Don’t let the fact that we’re already in February deter you. Here’s a month-by-month rundown of simple steps you can start now that will improve your financial fitness throughout the year.
February: Increase your monthly savings
Did you get a raise or bonus in January? Do you have extra dollars left in your bank account at the end of the month? Then it’s time to adjust your monthly savings amount.
If your answer to these questions is no, see if you can save an extra $5 to $10 per month. That may not seem like much — the cost of one or two trips to the coffee shop per month — but over time you’ll have a safety net when you need some extra money.
March: Contribute to an IRA
You have until mid-April to make a contribution to your traditional or Roth IRA for the 2015 calendar year. Even if you’re not depositing the maximum amount, small contributions now can have a huge impact later.
» MORE: How to open a Roth IRA
April: File your taxes
Have you done your taxes yet? If not, now is the time: The 2015 tax filing deadline is Monday, April 18. Granted, this will take more than 15 minutes, but you’ll want to make sure you’re taking advantage of all the deductions you’re entitled to. If you’re unsure which deductions you qualify for, consult a tax professional.
May: Check your credit score
A good credit score doesn’t just help you take out loans at favorable terms, it can also affect how much you pay for car insurance and even whether you get hired for certain jobs. It’s worthwhile to regularly check your credit score to maintain or improve it.
A number of websites make your credit score available to you, but you generally have to pay. Some credit card issuers, however, provide FICO credit scores for free. If your credit score unexpectedly fluctuates, check your credit report for errors or potential identity theft. You can access your credit reports for free at AnnualCreditReport.com.
June: Save for retirement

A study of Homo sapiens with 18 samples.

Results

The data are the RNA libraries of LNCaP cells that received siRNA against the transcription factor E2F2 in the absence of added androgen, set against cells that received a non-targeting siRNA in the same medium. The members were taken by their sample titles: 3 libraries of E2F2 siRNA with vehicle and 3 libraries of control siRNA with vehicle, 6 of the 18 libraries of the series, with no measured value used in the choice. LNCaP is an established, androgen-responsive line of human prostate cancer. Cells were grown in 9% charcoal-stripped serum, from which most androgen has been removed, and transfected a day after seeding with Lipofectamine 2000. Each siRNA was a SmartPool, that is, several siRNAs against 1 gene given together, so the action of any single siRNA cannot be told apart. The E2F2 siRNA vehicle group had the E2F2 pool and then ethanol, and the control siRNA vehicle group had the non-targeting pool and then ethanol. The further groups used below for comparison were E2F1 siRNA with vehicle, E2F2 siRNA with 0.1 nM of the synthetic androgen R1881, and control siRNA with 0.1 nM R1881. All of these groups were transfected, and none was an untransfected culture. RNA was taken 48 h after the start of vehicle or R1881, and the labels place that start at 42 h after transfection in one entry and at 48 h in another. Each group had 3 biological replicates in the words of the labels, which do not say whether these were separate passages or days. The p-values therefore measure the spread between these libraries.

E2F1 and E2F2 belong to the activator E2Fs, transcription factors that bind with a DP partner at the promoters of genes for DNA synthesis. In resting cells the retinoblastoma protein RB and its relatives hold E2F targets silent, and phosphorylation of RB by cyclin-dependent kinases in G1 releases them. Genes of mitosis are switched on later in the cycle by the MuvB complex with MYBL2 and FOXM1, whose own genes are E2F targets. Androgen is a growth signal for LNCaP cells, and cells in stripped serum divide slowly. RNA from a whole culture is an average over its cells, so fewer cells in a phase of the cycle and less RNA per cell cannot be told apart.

Midway through the year, focus on saving for retirement. Contributing to your 401(k) early on will greatly benefit you later in life due to compound interest. If you are already contributing, can you afford to increase the amount? Review your monthly budget to determine if you can curtail spending to save more.
>> MORE: Use NerdWallet’s compound interest calculator to see how compounding affects your savings
July: Adjust your 401(k) allocation
Speaking of your 401(k): Log in to your account to check your asset allocation. Are your dollars being invested or sitting in cash? Often, if you don’t specify how to allocate your 401(k) funds, the default is some sort of money market fund.
If you’re not sure what to do with your 401(k), a certified financial planner can help you maximize your account’s benefits and understand how it fits into your overall financial plan.
August: Set aside holiday shopping funds
The holidays approach quickly and can be overwhelming — between the parties and presents, you can be left exhausted and broke by the time it’s all over. To avoid taking on debt, it’s a good idea to set up a dedicated savings account for holiday shopping.
Start thinking early on about whom you’ll be buying gifts for and put yourself on a budget.
September: Save for college
It’s back-to-school season — the perfect time to think about saving for college. Consider opening a 529 savings plan for your child. If you have one already, take a look at how it’s done so far this year. Do you need to reallocate investments or increase your contribution?
You may want to explore other college savings options, too. An advisor can help you learn more about your options.
October: Assess your health benefits
During open enrollment you can check out your company’s benefits package. Many companies offer flexible spending accounts and health savings accounts. These allow you to save pretax dollars for out-of-pocket medical costs and other qualifying expenses. Some companies offer a commuter benefit, too. Many also offer life insurance, short- and long-term disability insurance, and long-term care insurance — benefits that can offer a financial cushion in case a crisis takes you out of work.
Talk to your plan administrator about your benefit options.
November: Ask for a pay raise
The end of the year often means employee reviews — and a chance to receive an increase in pay. Do your research, figure out what you’re worth, and be prepared to have that conversation with your manager. You also may want to consider whether continuing your education could help you advance your career.
December: Evaluate your progress
Reflect on what approaches to achieving your goals worked for you throughout year and what didn’t. Think about when you checked in on your progress each month. How did you measure success? As you plan for the year ahead, carry forward the personal finance strategies that worked best for you.
January: Set goals
The new year is a good time to think about what you hope to accomplish in the months ahead. Instead of setting lofty goals, which can be intimidating, set smaller ones that you can spend a little bit of time checking in on once or twice a month.
That may mean committing to the same actions outlined above, or it could mean making slightly more aggressive goals as you continue to improve your financial health.